Basic Poker Fundamentals of Texas Hold’em

Guide Book Teaching Basic Poker Fundamentals

The best way to start building a solid poker strategy is by learning basic poker fundamentals. The basic fundamentals are built around core concepts that contribute to winning money at the game. Similarly to any other game or sport, mastering the fundamentals will build “muscle memory” and make learning more advanced concepts much easier.

The first step is to gain a sound theoretical understanding of what drives profit in poker. This is because without knowing where the money comes from, it’s virtually impossible to gain the necessary perspective that allows for optimized learning. That is where the fundamentals come into play which will be the focus of the rest of this guide.

What You Will Learn

Once you understand the basic rules of Texas Hold’em gameplay, which we discussed in the first installment of this beginner’s guide, it’s time to dive into actually building a profitable strategy to employ at Pkv Games online tables.

Invariably, any successful long-term poker strategy contains several ubiquitous elements. Attempting to play poker without at least a rudimentary grasp of these components will impair your progress. Some elements may be somewhat difficult to understand at first or even appear unpleasant to master.

I tell you this in the spirit of full disclosure, not to dishearten or demoralize you. On the contrary, I want you to know that having a full theoretical understanding of poker should empower you. Few will take the time to master all of the concepts necessary to achieve the object of the game, which gives anyone that takes the time to do so an edge over their opponents.

Here is what this article will cover:

  • The Object of the Game
  • Expected Value
  • Pot Odds
  • Equity
  • The Fundamentals of Poker
  • Where the Money Comes From

The Object of the Game

Being proficient at poker is much more than just learning about when to bet, raise, or call. In fact, those are just the tools we use to carry out the tactics of gameplay. Before you can know how to successfully employ those tactics, you must first have a game plan, or strategy, that gives you the best chance of performing actions that achieve your ultimate goal: to win money.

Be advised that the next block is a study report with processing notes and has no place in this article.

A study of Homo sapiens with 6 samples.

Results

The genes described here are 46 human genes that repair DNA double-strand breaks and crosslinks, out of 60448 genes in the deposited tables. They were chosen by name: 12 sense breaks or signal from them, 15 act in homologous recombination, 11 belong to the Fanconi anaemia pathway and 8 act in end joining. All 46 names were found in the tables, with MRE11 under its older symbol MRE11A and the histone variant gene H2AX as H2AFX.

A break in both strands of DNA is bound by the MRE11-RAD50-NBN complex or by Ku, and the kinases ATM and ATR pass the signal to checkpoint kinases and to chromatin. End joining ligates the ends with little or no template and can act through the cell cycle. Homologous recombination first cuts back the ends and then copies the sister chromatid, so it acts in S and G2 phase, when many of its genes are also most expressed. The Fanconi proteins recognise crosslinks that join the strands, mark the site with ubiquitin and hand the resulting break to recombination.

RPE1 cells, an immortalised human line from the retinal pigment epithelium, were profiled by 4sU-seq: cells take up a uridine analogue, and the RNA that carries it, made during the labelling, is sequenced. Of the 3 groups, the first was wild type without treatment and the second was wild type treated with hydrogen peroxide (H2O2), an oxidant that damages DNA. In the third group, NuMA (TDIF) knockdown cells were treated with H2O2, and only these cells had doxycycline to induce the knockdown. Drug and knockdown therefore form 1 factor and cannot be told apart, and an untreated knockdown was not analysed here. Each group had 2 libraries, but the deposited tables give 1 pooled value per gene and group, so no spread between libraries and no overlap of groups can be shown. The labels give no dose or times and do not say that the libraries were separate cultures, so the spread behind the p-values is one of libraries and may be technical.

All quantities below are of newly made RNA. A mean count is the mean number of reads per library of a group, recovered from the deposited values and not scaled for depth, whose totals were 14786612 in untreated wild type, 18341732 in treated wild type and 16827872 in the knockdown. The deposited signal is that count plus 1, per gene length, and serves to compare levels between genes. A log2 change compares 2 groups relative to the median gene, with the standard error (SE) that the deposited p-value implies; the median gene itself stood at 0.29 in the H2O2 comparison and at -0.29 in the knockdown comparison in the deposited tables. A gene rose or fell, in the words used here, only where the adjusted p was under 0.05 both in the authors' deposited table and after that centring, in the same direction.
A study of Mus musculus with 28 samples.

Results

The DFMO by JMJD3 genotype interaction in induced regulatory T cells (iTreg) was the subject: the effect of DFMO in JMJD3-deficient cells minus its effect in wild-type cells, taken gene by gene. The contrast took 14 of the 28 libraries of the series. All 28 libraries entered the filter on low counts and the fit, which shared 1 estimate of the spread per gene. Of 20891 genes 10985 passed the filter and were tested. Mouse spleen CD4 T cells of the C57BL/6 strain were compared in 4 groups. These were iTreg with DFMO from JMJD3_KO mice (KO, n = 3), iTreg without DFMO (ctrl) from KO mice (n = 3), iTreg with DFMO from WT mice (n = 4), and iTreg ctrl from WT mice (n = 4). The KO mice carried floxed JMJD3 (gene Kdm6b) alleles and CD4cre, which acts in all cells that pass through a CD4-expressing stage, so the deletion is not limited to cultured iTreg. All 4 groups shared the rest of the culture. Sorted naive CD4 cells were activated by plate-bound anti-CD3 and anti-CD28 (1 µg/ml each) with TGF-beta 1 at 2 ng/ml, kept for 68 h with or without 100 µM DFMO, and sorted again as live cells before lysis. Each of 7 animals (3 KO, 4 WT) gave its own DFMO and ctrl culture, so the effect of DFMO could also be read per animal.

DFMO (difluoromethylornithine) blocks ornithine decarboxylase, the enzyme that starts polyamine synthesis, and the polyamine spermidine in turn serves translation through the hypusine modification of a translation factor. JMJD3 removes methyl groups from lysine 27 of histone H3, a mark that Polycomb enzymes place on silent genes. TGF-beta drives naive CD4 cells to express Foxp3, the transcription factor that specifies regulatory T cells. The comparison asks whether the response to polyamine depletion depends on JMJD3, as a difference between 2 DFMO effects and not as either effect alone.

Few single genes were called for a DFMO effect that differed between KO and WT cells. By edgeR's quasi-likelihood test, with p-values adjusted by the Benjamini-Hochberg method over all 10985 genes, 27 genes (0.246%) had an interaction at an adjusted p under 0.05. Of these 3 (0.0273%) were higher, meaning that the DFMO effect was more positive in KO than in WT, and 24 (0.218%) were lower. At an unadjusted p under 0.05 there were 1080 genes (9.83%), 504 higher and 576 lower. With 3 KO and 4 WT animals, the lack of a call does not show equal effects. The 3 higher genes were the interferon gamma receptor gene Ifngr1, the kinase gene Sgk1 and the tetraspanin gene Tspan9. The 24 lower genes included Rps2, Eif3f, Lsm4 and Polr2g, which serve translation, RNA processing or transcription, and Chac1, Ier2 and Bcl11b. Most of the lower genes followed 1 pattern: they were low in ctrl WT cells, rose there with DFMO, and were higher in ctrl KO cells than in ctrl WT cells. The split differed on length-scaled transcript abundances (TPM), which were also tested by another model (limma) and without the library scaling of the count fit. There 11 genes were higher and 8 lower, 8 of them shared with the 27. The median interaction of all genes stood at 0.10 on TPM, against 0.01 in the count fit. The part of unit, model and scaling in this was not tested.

All actions should be made with winning in mind. If an action does not win money, you consider another action. If there is no profitable action, you simply fold. How do we know if an action is profitable? By analyzing the expected value.

Expected Value

Expected value, or EV, refers to the net won or lost on average for each and every poker decision you make. The individual result of one poker hand is not important. All that matters is whether a specific decision will show a profit or loss were the situation to be played out over an infinite number of occasions. If a particular decision or action shows a net long-term gain, it is profitable (+EV). If the action shows a deficit, it is -EV or a “leak.” As you might have guessed, a leak is any action that loses over the long term.

It’s All About the Long Haul

What I am talking about here is a focus on the long term. Instead of worrying about whether a particular decision will or will not win or lose the current hand, your focus should be on choosing actions that lead to the best long-term monetary outcome. That’s how professional poker players think, and you should as well.

Sometimes there is more than one profitable outcome. Often, there is no profitable action or the situation is so unclear that it’s virtually impossible to know whether the play will be profitable or not. In the case of the latter, it’s typically best to check and/or fold and move on to a more clear spot. As you gain experience, unclear spots will become fewer and farther between.

How To Break Down Profit or Loss

In poker, there are two ways of profiting. Either you win at showdown by making the best hand, or you win when everyone folds to your bet or raise. Respectively, these are called Showdown (SD) earnings and non-showdown earnings. The sum or difference between these two types of income, minus the rake, determines whether a particular hand or action is +EV or not.